As we have started our weekly energy seminars again we have asked all of our speakers to write a blog post on the same topic as their talk. Today we hosted Sam Ha an engineering analyst from the Culham Centre for Fusion Energy. As a graduate of Imperial College London with an MEng in Mechanical with Nuclear Engineering. His work is looking at the development of commercially viable nuclear fusion and this blog post is a companion piece to his talk Fusion: Power source of the indefinite future. You can also download his slides [PDF] from the talk.
Nuclear fusion is the process that powers the sun, and there are attempts here on earth that aim to harness this power for the benefit of humanity. The benefits of generating electricity from fusion are simple to see:
- Carbon neutral electricity generation
- No long lived radioactive waste
- Abundant fuel
What would a fusion power plant look like and what role could fusion play in helping humanity meet its demand for electricity?
Current State of Affairs
International efforts into fusion research are currently focussed squarely on ITER, an enormous machine being built in the south of France with the aims of achieving a controlled, lasting burning plasma, generating more power from fusion than the machine consumes.
No magnetically confined fusion device has demonstrated breakeven yet, and the success of ITER is seen as a necessary achievement on the way to a fusion power plant, for a number of reasons. One key to the success of ITER is the validation of the scaling laws used to design large, powerful tokamaks.
Breakeven is defined as the energy produced by fusion being equal to the energy required to heat the plasma, and is also known as a fusion gain (Q factor) of 1.
A power plant must have a Q factor significantly greater than 1, somewhere in the region of Q>25. To design a fusion reactor that has such a high fusion gain, a fairly simple tool called a ‘scaling law’ is used.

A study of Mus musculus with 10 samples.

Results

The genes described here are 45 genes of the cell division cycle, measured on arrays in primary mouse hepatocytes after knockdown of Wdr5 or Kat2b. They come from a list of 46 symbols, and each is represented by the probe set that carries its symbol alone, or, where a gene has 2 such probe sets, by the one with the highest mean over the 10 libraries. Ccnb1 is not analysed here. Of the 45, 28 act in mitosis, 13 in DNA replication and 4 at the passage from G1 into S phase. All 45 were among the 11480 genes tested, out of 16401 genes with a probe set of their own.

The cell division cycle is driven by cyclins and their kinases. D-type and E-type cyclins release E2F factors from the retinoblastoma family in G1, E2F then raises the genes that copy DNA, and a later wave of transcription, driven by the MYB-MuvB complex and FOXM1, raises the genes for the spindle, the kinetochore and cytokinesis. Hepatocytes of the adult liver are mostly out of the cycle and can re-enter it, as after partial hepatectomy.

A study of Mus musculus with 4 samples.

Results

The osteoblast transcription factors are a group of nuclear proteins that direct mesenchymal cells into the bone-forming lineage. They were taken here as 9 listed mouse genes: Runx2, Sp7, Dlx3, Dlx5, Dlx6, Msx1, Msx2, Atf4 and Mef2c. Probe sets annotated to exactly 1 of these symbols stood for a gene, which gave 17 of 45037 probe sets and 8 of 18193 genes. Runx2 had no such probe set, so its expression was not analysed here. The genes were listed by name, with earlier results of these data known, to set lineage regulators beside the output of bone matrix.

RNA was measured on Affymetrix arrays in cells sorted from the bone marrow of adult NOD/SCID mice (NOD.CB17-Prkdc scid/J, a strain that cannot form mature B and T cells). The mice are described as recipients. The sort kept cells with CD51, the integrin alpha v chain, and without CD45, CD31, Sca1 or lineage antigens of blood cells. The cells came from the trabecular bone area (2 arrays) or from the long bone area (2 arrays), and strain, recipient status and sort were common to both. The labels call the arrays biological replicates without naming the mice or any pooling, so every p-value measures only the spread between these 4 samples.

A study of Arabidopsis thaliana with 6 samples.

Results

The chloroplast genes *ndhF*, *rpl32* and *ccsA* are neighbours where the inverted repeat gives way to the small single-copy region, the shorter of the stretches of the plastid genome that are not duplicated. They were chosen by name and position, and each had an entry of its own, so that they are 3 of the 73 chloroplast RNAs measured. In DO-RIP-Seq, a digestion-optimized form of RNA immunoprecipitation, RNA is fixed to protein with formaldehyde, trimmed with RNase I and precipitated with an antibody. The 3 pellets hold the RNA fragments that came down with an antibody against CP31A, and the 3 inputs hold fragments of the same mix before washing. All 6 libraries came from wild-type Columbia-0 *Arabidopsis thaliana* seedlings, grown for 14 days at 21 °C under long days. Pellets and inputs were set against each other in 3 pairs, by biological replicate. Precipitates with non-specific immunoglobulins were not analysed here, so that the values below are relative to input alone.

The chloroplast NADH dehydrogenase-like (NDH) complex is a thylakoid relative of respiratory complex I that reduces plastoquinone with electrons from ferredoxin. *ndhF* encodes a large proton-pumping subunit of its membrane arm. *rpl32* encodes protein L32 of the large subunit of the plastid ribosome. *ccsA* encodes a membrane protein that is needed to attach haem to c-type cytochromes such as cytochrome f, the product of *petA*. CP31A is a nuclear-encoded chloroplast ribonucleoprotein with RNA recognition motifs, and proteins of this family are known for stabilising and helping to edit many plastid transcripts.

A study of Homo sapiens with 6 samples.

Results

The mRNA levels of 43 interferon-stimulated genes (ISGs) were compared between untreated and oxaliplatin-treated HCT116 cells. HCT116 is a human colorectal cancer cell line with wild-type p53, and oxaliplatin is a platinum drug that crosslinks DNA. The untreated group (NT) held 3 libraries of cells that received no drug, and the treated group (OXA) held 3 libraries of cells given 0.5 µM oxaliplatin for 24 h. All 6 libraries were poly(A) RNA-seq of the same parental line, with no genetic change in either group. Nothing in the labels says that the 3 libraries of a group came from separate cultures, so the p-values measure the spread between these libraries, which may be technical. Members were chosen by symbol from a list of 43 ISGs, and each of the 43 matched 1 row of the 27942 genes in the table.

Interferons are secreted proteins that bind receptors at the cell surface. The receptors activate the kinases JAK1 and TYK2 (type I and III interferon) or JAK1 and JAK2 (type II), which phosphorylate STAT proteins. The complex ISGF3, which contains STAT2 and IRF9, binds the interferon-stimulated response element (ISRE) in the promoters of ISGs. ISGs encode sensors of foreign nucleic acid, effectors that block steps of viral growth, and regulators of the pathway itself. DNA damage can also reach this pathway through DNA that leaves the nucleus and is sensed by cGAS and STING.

How to Design a Fusion Reactor
Scaling laws are best-fits of data from thousands of experiments across many tokamaks, used to estimate performance of tokamaks with various operating parameters. These scaling laws are empirical tools that don’t account for the mechanisms in action inside of the plasma, but provide a design of new tokamaks by estimating their performance from the key plasma parameters.
A small confinement time signifies that the plasma loses energy (heat) too quickly and fusion is harder to achieve. A larger confinement time is needed to achieve high fusion gain, as the heat produced by the fusion reactions takes longer to leave the plasma. If this piques your interest, have a look into the Lawson Criterion (wiki)
The scaling law used in the design of ITER (ITERH-98(y,2)) predicts that the most significant factor in improving the performance of a tokamak is the major radius of the plasma. So to make a fusion power plant (with a high Q factor), the tokamak must be large.
How large? The current estimates are that a power plant will need a major radius of around 7~9m, or roughly 3 times the size of the Joint European Torus, which is currently the most powerful fusion reactor in the world.
As a direct result of this, the power output of a fusion power plant is inherently going to be large. The design of the European demonstration fusion plant (DEMO) aims for 2GWt (or 500MWe), while Japan designs aim for 2GWe. At these large volumes of power, the aim for fusion power plants becomes clear: a baseload generating power plant.
Playing the Long Game
There is one important distinction here: all of this hinges on our knowledge of plasma physics being in line with the scaling laws used to design ITER. Is it possible that our knowledge may be superseded? Absolutely!
The scaling laws outline the performance of reactors with basic parameters changed (such as plasma size, magnetic field strength, heating power, etc.). What scaling laws don’t help with, is the step improvements in plasma confinement that are entirely different phenomena
Now it might seem fanciful to hope for new discoveries to open the path to new reactor designs, but that’s exactly what has happened in the past. The Lawson criterion (a key measure for the performance of fusion reactors), or the triple product, has seen major, consistent improvements over the last 50 years.
Through operating powerful reactors (such as JT-60U and JET), understanding of plasma physics has improved massively, as evidenced by the improvements in the triple product. The operation of ITER may lead to greater understanding of how to design fusion reactors. Developments of this type open the door to a much wider range of power plants, which may one day include an SMR equivalent of fusion reactor or advanced, hybrid fusion-fission reactors.
All of the developments in fusion research are possible because of the willingness of the international community to collaborate and develop this power source for the future. Without the international collaboration in fusion research, the road to fusion power would be far more difficult.